Viability Measures

The viability of a KO line is an important initial question in assessing its potential utility as a research model. Basic viability measures that include fertility, expected and observed genotypes, and weight and length measures were collected on all KO Repository lines.

Fertility:

Male and female fertility measures include age (in days) of first mating, parental age, and number of offspring. One male and 2-4 female F2 homozygous mice are tested for fertility for each project. The male mouse is bred to two wild type female mice for 14 days. The female mice are bred individually with up to three different wild type male albino mice for a period of 60 days. Pregnant females (homozygous and wild type) are monitored daily for births and pup numbers are counted at birth and at post-natal day 4. Pups are monitored daily for milk spots in their stomachs and for growth. Special care is taken not to disturb the litter environment.

Data is presented in the following format:
Parental Mouse
Offspring
Mouse ID Genotype Sex First Mating Age Parental Age # Live Pups # Dead Pups Total
001-F Homozygous F 142 164 5 0 5
002-F Homozygous F 144 166 6 0 6
003-M Homozygous M 66 88 8 0 8

Genetics:

Genetics information is reported in table form, showing the numbers of wild type, heterozygous, and homozygous animals arising from heterozygous x heterozygous crosses.
KO Mouse Model TF0000
Wild Type Heterozygous Homozygous Total
Observed Number
of Offspring
60 109 68 237
Expected Number
of Offspring
59.25 118.5 59.25 237
Chi Squared = 2.06 Significance = 0.357 homozygote/n = 0.29 Average Litter Size = 9

Body Weight:

Body weights are collected from equal numbers of male and female mice that are homozygous, heterozygous, or wild type for a specific mutation. Body weight measures are taken at 2, 4, 6, 8, 10, 12, or 14 weeks of age. Mean body weights of a specific mutant mouse line are compared to short-term (data collected within 60 days of current measures) and long-term (derived from data collected on more than 10,000 animals) historical means for wild type mice.

Displayed below is a sample graph of how body weight observations are presented. In comprehensive phenotypic data packages graphs are interactive. Raw or calculated data and statistics can be seen by clicking on points in the graph.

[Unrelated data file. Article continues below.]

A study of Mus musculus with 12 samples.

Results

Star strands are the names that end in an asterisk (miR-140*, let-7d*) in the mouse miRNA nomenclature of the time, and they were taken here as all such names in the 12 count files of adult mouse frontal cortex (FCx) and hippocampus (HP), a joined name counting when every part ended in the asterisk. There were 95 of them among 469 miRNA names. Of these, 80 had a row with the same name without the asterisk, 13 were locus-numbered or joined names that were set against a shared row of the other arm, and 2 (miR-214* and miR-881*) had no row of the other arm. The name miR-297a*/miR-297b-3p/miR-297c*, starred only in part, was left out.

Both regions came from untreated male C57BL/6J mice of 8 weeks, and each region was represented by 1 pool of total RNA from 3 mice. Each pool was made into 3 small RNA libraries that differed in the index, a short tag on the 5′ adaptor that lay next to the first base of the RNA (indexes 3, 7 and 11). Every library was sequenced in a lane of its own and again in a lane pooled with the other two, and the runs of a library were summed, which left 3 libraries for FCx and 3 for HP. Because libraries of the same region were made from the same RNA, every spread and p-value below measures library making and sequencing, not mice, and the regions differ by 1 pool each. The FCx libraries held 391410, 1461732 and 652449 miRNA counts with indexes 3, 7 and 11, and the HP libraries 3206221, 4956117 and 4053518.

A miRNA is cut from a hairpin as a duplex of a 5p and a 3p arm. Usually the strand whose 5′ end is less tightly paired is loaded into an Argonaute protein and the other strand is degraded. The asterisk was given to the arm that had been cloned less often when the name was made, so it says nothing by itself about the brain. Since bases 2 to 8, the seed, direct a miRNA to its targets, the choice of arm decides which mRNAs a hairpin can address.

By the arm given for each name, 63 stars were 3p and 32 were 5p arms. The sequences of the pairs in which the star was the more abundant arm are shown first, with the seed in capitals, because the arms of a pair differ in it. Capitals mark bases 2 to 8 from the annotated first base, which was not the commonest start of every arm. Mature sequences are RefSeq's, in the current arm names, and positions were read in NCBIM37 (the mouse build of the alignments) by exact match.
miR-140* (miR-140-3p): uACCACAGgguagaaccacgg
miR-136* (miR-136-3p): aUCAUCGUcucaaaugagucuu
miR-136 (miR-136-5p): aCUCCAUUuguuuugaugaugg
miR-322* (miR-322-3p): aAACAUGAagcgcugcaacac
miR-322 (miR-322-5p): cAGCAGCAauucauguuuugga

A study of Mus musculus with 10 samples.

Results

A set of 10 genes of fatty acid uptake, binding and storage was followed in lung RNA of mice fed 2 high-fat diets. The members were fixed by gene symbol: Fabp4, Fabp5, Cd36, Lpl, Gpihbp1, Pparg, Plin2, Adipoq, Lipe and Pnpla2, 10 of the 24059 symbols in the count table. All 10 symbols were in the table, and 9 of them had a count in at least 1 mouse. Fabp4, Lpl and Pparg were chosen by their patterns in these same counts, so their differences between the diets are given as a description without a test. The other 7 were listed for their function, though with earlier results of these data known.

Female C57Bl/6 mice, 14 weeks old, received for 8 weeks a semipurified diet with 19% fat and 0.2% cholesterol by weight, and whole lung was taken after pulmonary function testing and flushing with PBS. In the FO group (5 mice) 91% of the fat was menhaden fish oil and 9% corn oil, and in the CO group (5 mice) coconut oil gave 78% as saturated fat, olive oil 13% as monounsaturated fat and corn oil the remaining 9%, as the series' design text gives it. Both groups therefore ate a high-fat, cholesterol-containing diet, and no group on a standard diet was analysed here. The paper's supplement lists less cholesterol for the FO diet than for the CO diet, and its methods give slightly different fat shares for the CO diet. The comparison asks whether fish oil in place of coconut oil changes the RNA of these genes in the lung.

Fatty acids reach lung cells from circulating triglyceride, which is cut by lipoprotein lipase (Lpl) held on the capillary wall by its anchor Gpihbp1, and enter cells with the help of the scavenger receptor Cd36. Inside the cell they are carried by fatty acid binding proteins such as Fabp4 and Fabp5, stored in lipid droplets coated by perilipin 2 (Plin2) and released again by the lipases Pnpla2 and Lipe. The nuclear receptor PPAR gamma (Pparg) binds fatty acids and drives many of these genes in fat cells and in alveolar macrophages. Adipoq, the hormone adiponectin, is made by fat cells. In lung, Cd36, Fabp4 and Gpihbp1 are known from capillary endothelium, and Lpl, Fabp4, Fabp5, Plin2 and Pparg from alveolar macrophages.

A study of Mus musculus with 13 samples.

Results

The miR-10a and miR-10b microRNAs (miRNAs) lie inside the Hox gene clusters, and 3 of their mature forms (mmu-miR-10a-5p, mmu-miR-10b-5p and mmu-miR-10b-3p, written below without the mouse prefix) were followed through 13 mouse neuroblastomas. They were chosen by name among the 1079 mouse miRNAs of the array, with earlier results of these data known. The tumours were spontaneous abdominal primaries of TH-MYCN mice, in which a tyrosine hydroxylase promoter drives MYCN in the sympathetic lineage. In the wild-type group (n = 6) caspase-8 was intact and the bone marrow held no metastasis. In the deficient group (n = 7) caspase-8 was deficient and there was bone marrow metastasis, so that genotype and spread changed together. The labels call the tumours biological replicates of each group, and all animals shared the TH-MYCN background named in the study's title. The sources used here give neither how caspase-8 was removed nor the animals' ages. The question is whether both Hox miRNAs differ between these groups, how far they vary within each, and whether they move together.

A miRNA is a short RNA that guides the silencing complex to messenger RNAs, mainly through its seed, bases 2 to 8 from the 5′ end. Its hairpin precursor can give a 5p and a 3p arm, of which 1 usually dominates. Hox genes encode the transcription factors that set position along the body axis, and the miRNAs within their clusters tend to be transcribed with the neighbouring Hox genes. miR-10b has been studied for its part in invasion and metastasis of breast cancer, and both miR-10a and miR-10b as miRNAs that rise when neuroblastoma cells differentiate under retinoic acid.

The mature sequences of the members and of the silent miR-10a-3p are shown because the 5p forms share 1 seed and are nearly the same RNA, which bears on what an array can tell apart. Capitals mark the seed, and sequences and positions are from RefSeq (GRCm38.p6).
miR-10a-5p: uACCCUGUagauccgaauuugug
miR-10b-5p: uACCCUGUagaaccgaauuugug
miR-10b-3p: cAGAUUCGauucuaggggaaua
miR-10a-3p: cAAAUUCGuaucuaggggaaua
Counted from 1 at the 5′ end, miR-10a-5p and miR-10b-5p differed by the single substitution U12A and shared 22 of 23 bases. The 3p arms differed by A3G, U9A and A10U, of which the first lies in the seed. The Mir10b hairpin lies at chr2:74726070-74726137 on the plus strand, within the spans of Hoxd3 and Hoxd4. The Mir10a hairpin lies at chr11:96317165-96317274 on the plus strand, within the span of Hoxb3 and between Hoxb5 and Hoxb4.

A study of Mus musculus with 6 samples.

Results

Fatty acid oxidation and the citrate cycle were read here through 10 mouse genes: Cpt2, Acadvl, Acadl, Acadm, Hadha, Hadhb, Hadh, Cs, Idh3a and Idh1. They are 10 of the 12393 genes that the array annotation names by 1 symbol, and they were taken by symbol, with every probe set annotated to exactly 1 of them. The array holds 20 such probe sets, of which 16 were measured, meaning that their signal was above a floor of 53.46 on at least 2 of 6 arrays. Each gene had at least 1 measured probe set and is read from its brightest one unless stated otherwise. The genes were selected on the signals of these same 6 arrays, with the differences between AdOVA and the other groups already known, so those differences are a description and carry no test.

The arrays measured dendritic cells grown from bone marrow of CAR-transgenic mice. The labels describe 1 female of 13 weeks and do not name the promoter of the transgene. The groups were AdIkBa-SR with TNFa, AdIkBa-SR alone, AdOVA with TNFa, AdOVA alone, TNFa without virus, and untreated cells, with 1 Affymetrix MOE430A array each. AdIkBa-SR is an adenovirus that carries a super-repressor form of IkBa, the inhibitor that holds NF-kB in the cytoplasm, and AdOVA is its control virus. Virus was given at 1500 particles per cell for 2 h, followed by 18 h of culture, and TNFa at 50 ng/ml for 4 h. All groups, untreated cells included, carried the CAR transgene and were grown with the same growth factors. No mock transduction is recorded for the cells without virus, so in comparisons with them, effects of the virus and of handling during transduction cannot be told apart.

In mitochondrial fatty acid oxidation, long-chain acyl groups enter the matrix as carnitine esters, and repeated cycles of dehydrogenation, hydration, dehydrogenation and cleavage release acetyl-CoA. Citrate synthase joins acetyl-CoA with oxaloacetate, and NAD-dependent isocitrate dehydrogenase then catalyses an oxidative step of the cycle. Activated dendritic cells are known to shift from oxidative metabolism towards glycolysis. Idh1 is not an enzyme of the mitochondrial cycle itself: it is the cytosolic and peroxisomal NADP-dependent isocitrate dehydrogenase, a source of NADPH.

Figure illustrates mean body weights for wild type littermates (green circle), heterozygous (blue triangle), homozygous (red diamond), and recent historical wild types (purple line) plotted against long-term means for wild type animals (green shading). Mean body weights of mutant mice fall within the light green shaded area that represents long-term historical body weight means (+/- 1 standard deviation) for wild type mice. Dark green areas represent long-term historical means (+/- 2 standard deviations) and above or below green shaded areas represents long-term historical means (+/- 3 standard deviations).

Body Length

Body length measures are collected from equal numbers of 16 week old male and female mice that are homozygous, heterozygous, or wild type for a specific mutation.

Displayed below is a sample graph of how body length observations are presented. In comprehensive phenotypic data packages graphs are interactive. Raw or calculated data and statistics can be seen by clicking on points in the graph.



Figure illustrates body length measures in centimeters of male and female (left), male (center), and female (right) mutant mice. Mean body lengths for wild type littermates (green circle), heterozygous (blue triangle), homozygous (red diamond), and recent historical wild type (purple line) mice are plotted against long-term means (+/- 2 standard deviations) for wild type animals (green shading).